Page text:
The short answer? If your skin is light enough that you could pass for white than you will likely be treated differently than if you don’t. But it’s so much more complicated than that. Privilege is defined as “a special right, advantage or immunity granted or available only to a particular person or group”. If you belong to the “white” group, you are afforded white privilege – whether you acknowledge it or not.
Far be it for me to say I’m an expert on this topic. Other than me being a member of this privileged group, I have not had to go shopping alone and worry that I will be followed or harassed because of the color of my skin. Whether I use checks, credit cards or cash, I can count on my skin color not to work against the appearance of financial reliability. I do not have to educate my children to be aware of systemic racism for their own daily physical protection.*
But most importantly, I know that, if I’m pulled over by the police, I don’t have to worry about whether this is my last day on earth.
Once again, we are in the midst of dealing with an outrageous act of homicide against a black man perpetrated by a white cop. My heart goes out to the family and friends of George Floyd and yet this doesn’t feel like it’s enough. I feel so incompetent as I sit here in my air conditioned home wondering what I – and others like me – can do to stop this terrorism that is plaguing our country today. How can we change the minds of an entire portion of the population and make them see that there is something intrinsically wrong with treating ANYONE in this way. I know that speaking out for those that are terrorized is one way. Another is to acknowledge my own white privilege and call out those that don’t see theirs.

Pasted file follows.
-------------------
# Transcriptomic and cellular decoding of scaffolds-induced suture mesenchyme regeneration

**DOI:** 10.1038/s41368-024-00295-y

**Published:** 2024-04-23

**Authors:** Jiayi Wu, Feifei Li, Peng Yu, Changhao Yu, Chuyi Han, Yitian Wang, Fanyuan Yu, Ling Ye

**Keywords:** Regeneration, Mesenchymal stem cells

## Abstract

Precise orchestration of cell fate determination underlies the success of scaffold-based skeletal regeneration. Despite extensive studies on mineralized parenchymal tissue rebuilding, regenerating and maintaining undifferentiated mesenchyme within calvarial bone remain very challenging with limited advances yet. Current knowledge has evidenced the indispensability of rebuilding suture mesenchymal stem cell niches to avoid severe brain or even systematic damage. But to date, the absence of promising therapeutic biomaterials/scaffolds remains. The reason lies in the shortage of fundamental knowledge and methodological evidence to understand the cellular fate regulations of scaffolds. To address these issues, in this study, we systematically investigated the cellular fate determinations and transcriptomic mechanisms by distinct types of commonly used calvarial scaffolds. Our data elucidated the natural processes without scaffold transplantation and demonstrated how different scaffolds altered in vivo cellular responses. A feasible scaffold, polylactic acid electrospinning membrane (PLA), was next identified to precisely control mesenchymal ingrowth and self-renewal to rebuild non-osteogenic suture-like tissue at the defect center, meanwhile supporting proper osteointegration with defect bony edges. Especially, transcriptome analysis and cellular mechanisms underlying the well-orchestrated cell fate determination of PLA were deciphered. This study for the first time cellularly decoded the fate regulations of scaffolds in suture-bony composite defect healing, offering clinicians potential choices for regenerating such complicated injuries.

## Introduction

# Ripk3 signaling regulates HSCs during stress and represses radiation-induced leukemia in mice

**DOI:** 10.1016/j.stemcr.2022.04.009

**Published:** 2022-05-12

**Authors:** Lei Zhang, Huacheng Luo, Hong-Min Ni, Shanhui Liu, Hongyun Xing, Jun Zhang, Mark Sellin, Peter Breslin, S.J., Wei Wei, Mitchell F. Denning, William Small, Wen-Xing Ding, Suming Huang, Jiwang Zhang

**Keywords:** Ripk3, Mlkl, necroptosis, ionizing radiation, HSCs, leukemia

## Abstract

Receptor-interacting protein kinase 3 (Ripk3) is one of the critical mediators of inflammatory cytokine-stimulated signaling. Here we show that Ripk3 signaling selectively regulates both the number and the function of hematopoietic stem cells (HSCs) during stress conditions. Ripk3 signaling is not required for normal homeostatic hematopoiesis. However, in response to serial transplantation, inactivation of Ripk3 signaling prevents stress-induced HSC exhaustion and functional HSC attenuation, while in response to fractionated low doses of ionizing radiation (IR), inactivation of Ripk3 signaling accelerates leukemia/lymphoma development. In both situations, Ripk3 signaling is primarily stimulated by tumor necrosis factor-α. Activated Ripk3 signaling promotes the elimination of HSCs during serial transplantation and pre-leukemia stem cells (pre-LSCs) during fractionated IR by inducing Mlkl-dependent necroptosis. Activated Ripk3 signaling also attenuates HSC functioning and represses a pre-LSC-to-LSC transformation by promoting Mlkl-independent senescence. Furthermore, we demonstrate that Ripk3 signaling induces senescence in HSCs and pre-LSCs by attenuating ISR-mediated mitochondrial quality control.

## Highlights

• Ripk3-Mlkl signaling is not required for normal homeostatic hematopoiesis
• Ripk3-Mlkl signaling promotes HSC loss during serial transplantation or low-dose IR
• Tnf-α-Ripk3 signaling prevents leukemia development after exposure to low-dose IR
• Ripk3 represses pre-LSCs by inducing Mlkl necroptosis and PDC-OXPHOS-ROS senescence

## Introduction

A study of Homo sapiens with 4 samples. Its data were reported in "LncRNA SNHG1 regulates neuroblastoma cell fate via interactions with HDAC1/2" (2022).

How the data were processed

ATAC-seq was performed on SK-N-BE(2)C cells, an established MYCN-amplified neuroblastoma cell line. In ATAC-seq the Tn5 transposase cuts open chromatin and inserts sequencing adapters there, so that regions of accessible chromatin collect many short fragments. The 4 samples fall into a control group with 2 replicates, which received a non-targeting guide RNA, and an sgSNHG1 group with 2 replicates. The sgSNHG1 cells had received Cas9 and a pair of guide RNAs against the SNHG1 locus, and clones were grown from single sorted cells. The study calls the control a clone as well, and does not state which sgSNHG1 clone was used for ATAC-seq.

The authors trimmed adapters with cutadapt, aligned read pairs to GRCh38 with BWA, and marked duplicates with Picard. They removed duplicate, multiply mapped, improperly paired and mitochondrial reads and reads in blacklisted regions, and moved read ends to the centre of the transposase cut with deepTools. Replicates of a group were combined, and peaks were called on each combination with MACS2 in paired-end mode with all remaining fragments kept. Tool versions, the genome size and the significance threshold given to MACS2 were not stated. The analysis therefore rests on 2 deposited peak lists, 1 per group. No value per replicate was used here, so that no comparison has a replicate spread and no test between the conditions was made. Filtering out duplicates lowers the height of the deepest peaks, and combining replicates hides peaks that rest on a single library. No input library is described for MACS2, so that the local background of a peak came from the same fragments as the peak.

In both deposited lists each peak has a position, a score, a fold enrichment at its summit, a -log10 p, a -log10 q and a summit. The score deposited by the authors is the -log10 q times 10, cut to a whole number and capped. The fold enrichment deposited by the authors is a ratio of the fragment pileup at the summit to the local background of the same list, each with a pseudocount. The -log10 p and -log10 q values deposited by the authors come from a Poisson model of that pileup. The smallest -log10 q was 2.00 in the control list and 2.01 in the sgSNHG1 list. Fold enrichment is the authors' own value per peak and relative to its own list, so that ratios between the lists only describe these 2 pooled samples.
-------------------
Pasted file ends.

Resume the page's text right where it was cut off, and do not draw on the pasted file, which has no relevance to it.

But we must also remember that there are many individuals who DO NOT support this kind of violence. I regularly read stories that show the basic humanity that DOES exist between POC and white, civilian and police officers, black individuals and white police officers. These may be the places that we want to study and replicate. As Justin Simmons of the Denver Broncos says, “… we need to make sure that we understand that we are fighting for equality, not superiority. All lives matter when black lives matter.” He goes on to say, “We pledge our allegiance to the flag for freedom and justice for all and we do not have our justice. So let’s understand that. We will get it (but) not by force.”
I saw a video clip that encapsulates this magnificently: a line-up of police officers in riot gear; a lone black man kneeling in front of them; a slow and steady stream of white men breaking from the crowd to stand in front of him, as if to say “You deserve to be protected and we will be the ones to do this for you.” Let’s find a way to replicate this.
*These are but a few of the items outlined by one classic article by Peggy McIntosh, White Privilege: Unpacking the Invisible Knapsack.